The first year, I wrote about my parents' divorce. This was pretty hard on me, so I thought it to be eligible. However, I later realized that 50% of families are divorced. So this would actually be considered "usual". The second year, I wrote about my dad teaching me lessons about working hard, as he climbed his way out of a small farming town to college and beyond. This was also to no avail. I'm guessing it must not be a "circumstance". Last year, I wrote about how I came into college with AP credit and was then subjected with taking classes that were more advanced (and therefore more difficult than I was ready for), since I had credit for a lot of my 101 and gen ed classes. They didn't like this either. So this year I tried something new. Here it is:
Unusual Circumstance: I’m typical. My unusual circumstance is that I don’t have any unusual circumstances. As a 20 year old white male, I’m just like everyone else. I’m marginalized by society and put through the motions with the millions just like me. I don’t receive the perks of being from a minority, such as special scholarships or other awards. My achievements do not get recognized because I didn’t come from a poor urban neighborhood, nor did I have to overcome a handicap to get here.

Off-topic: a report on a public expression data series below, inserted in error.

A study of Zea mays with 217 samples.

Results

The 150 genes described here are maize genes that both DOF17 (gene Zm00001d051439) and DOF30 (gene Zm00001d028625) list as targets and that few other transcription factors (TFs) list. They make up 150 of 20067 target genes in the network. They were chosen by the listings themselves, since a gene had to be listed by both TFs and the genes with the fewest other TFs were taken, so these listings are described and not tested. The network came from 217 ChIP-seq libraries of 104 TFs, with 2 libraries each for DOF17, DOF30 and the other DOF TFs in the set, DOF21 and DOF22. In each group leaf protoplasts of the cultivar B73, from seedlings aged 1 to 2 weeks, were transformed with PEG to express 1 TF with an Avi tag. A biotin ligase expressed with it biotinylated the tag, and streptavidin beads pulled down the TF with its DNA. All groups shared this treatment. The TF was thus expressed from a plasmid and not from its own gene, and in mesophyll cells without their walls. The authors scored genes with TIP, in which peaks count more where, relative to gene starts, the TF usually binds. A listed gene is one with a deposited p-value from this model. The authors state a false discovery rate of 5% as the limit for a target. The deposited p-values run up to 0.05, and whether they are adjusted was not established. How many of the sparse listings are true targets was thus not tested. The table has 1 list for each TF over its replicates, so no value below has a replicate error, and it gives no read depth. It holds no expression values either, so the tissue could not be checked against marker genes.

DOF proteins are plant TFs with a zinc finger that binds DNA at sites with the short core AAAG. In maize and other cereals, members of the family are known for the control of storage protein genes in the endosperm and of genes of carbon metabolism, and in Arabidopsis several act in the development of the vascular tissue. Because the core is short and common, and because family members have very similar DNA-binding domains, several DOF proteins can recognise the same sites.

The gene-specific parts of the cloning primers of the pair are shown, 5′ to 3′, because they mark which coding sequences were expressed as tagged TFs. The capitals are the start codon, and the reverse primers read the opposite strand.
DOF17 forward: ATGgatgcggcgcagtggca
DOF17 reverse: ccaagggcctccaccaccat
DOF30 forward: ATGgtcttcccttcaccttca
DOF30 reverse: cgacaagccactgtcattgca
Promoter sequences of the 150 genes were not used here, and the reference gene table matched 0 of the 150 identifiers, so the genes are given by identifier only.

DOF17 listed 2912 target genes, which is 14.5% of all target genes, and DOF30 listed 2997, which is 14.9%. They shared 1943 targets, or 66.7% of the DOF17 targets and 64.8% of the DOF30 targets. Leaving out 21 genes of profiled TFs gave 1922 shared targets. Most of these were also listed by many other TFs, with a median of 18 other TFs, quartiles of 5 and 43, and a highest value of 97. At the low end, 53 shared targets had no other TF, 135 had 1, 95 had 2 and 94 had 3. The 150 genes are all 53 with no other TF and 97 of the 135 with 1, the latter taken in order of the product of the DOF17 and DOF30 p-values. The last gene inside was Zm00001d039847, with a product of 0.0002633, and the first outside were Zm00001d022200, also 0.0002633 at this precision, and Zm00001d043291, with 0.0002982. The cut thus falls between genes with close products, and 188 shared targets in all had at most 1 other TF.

I worked hard to be where I am, and I continue to. I juggle more than a quarter’s worth of classes, work, and extracurricular organizations and struggle to maintain my place at this university, but I am always overlooked. Currently I am set to graduate at the end of three years with a major, minor and certificate, then to continue my studies at Ohio University for a master’s degree. Simply choosing to try hard and set my aims high aren’t enough, even when I succeed.
I wasn’t blessed with a difficult background to struggle out of to merit any special recognition. I have never received any sort of scholarship at all, including this one, for which I am applying for the fourth time. I’m only applicable for loans, according to FAFSA. My father apparently makes too much money to get any other federal money, despite the fact that I’m the one paying these loans for the next 10 years, like so many others.
Fortunately, I’m getting used to it. As I get older, it becomes easier to accept my inevitable fade into the marginalized mediocrity that society has set out for me.
Thanks CJ for suggesting this. I enjoyed writing it, maybe because I'm a little bitter. I also want to say that I mean in no way to take away from those who are disadvantaged by race, class, economic status, or other means. I have nothing but the utmost respect for those that have overcome the odds and disadvantages to get where they are. I'm just saying that there are some challenges in being a white boy from suburbia. Let me know what you think.